Text of Stages of Writing Prewriting Drafting Revising Editing
Stages of Writing Prewriting Drafting Revising Editing
Prewriting Prewriting is the process of coming up with ideas for your essay. This is not formal, polished writing. There are many prewriting techniques, but we will be discussing: Brainstorming Freewriting Clustering Outlining
Clustering A way of narrowing your thoughts by connecting your ideas Great techniques for visual learners
Topics to choose from My goals five years from now My biggest fear Something this school really needs is... An unforgettable dream
Tagmemics Tagmemics is a system that allows you to look at a single object from three different perspectives. The hope is that one of these perspectives (or even all three) can help you to determine a subject for writing. Tagmemics involves seeing your topic: As a particle (as a thing in itself) As a wave (as a thing changing over time) As part of a field (as a thing in its context) http://www.dartmouth.edu/~writing/materials/student/ac_paper/topic.shtml#topoi
Tagmemics: As a Particle As A particle a thing in itself: Let's say that you want to write a paper on. If you use tagmemics as a system of invention, you will begin by looking at Malcolm X as a thing in himself. In other words, what are the characteristics of Malcolm X as a man? The characteristics of his philosophy? From http://www.dartmouth.edu/~writing/materials/student/ac_paper/topic.shtml#topoi
Tagmemics: As a Wave As a wave (one thing changing over time) You next might consider Malcolm X in terms of how his role in the civil rights movement changed over time. Certainly Malcolm X experienced a radical shift in his beliefs about civil rights; you might explore this shift and the consequences both for Malcolm X and for the movement as a whole. You might also consider how history has viewed Malcolm X over time. You might have discovered in your reading that there exists today some division of opinion as to whether or not Malcolm X ought to be considered a civil rights leader. What forces have contributed to this dispute, and how has the nature of the dispute changed over time? From http://www.dartmouth.edu/~writing/materials/student/ac_paper/topic.shtml#topoi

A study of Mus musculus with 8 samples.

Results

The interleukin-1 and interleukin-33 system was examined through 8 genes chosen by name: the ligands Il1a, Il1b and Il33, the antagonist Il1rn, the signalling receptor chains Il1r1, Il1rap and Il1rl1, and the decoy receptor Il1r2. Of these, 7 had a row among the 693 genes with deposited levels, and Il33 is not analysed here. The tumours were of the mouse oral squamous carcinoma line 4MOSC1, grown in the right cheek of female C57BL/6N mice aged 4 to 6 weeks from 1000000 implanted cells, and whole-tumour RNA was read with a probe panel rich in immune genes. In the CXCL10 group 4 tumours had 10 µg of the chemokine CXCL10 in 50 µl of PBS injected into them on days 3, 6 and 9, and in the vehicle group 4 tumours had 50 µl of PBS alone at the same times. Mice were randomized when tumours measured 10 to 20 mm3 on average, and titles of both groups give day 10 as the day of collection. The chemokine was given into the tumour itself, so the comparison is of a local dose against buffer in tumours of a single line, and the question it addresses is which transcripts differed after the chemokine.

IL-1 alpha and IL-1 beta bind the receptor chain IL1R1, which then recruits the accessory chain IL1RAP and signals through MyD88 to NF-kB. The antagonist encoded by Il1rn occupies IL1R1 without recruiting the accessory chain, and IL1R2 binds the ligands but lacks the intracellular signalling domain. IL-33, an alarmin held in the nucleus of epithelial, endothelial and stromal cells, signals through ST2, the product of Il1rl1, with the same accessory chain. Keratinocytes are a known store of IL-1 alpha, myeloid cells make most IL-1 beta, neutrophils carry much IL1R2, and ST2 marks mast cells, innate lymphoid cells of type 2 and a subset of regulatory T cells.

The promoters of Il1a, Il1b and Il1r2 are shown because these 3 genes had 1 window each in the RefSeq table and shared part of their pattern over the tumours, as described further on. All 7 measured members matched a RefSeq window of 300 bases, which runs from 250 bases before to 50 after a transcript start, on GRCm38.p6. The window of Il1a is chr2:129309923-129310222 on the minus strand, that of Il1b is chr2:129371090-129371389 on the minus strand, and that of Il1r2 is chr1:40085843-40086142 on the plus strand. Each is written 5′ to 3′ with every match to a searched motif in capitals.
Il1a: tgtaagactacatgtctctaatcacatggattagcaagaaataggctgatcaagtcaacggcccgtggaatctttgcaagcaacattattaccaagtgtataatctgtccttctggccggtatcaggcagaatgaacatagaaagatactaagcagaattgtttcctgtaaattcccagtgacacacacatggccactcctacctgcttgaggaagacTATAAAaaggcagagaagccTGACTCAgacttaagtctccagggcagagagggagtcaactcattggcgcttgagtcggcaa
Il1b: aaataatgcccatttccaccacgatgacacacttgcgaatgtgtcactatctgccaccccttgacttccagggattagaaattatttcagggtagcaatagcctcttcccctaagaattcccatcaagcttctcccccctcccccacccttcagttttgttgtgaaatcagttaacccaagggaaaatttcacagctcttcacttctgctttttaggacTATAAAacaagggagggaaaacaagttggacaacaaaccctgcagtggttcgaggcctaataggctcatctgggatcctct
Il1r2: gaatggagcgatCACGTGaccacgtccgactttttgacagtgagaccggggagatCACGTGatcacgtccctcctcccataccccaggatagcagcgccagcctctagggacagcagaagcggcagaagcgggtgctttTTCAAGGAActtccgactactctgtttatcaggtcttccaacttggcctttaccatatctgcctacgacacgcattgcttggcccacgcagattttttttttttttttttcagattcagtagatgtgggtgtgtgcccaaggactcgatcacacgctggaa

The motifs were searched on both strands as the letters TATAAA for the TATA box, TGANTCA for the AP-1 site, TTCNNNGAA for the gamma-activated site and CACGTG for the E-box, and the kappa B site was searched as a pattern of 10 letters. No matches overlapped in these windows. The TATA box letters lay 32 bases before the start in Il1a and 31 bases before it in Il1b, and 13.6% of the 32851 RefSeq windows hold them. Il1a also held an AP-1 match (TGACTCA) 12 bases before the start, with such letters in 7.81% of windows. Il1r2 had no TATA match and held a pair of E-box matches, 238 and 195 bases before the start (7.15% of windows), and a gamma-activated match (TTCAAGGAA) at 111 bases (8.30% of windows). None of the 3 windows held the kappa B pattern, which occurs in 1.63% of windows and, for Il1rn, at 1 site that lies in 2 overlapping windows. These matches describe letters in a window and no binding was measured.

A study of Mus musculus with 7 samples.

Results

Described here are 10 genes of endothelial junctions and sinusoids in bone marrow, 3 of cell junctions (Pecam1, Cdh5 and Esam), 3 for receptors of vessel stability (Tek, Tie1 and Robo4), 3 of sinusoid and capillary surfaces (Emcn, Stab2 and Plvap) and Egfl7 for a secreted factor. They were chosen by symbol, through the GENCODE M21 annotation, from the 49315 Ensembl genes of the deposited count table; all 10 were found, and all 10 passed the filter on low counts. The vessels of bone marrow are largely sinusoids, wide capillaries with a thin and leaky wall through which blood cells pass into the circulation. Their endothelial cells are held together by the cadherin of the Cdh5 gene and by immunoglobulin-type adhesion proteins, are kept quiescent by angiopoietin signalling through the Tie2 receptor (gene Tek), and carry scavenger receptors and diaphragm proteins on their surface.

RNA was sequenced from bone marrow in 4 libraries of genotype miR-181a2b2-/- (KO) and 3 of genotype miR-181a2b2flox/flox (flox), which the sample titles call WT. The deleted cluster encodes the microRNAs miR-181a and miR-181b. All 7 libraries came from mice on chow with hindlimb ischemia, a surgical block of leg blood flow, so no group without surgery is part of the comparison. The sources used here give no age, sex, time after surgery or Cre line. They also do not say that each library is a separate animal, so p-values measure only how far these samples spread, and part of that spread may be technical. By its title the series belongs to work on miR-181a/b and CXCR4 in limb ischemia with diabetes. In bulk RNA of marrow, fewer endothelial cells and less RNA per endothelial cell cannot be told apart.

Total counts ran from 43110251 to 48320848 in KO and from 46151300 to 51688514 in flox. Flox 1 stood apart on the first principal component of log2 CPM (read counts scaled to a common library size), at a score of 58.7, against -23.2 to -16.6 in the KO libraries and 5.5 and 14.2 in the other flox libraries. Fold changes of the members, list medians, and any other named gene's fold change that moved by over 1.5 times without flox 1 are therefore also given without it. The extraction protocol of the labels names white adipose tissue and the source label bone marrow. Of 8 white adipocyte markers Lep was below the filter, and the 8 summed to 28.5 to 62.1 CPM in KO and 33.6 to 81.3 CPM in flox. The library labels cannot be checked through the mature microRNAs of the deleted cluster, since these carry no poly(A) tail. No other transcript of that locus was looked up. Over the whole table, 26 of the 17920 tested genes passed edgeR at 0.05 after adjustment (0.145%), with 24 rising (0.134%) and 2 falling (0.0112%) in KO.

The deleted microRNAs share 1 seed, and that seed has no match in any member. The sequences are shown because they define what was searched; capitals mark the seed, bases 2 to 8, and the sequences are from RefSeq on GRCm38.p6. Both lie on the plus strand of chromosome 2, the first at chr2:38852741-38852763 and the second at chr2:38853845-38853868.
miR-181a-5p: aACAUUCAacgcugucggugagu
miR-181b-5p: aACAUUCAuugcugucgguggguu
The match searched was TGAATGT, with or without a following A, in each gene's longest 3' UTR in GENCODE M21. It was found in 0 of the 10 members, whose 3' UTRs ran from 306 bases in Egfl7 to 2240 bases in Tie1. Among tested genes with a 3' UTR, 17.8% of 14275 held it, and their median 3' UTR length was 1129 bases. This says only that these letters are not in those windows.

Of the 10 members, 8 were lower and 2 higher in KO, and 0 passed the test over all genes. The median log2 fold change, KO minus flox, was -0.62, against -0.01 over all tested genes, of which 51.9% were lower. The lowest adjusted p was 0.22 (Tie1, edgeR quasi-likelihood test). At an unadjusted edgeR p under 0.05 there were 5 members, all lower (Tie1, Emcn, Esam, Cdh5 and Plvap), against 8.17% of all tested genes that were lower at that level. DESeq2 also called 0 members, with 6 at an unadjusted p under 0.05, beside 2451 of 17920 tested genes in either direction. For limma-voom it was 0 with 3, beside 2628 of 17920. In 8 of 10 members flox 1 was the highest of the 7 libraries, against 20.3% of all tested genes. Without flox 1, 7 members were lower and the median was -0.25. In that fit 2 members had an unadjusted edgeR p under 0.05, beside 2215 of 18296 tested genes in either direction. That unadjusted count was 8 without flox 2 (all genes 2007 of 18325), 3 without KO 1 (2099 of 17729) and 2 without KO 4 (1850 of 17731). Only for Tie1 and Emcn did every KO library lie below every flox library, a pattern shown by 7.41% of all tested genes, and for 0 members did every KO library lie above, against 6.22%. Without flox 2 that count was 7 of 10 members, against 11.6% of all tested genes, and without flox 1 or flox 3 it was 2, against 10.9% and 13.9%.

Tagmemics: As a Field As a field (one thing in context with something else) Finally, consider Malcolm X as a thing in context. Relate him to his culture, to his moment in time. Look for the causes that produced Malcolm X, as well as the effect he had on his own historical period. Or compare or contrast him with other civil rights figures to see what special contribution he made to the movement and its history. You might even connect Malcolm X with unlikely events and figures in order to provide a wide context for his work and his life. From http://www.dartmouth.edu/~writing/materials/student/ac_papertopic.shtml#topoi
Topic to choose from Use any one of the prewriting techniques (brainstorming, freewrite, clustering, topoi, tagmemics) to generate ideas for one of the following topics: Someone that inspires me Some that I inspired
Outlining Outlining comes after you already have the ideas for your paper. It is a way of laying out your thoughts before you begin writing. Use bullet points to write down each concept you want to mention in the order you want to mention them. For more detail, see the Writing Centers handout on outlining.
Thesis: The decisions I have to make in choosing college courses depend on larger questions that I am beginning to ask myself about my lifes work. I. Two decisions described A. Art history or chemistry 1. Professional considerations 2. Personal considerations B. A third year of French? 1. Practical advantages of knowing a foreign language 2. Intellectual advantages 3. The issue of necessity II. Definition of the problem A. Decisions about occupation B. Decisions about a kind of life to lead III. Temporary resolution of the problem A. To hold open a professional possibility: chemistry B. To take advantage of cultural gains already made: French Thesis: The decisions I have to make in choosing college courses depend on larger questions that I am beginning to ask myself about my lifes work. I. Two decisions described A. Art history or chemistry 1. Professional considerations 2. Personal considerations B. A third year of French? 1. Practical advantages of knowing a foreign language 2. Intellectual advantages 3. The issue of necessity II. Definition of the problem A. Decisions about occupation B. Decisions about a kind of life to lead III. Temporary resolution of the problem A. To hold open a professional possibility: chemistry B. To take advantage of cultural gains already made: French
Drafting The draft is the first attempt to organize information. Typically called a rough draft for a reason. YOU WILL MAKE MISTAKES! Your essay structure does not need to be perfect. Starring Tat and Rodell!
Revising Reworking your essay so that the ideas are expressed in the best way possible. Revising is not the editing stage. Global RevisionLocal Revision Content Structure Thesis Strong supporting points Grammar, spelling, etc.
Editing Editing is eliminating punctuation, grammar, and spelling mistakes. Should be saved for the end of the writing process. SpellCheck can be a false friend!
Checklist for Editing Have you read your work aloud to listen for problems? Did you check every possible misspelling in a dictionary? Have you avoided run-ons? Are you using verbs, pronouns, and modifiers correctly? Have you used your punctuation correctly? Are your capital letters correct?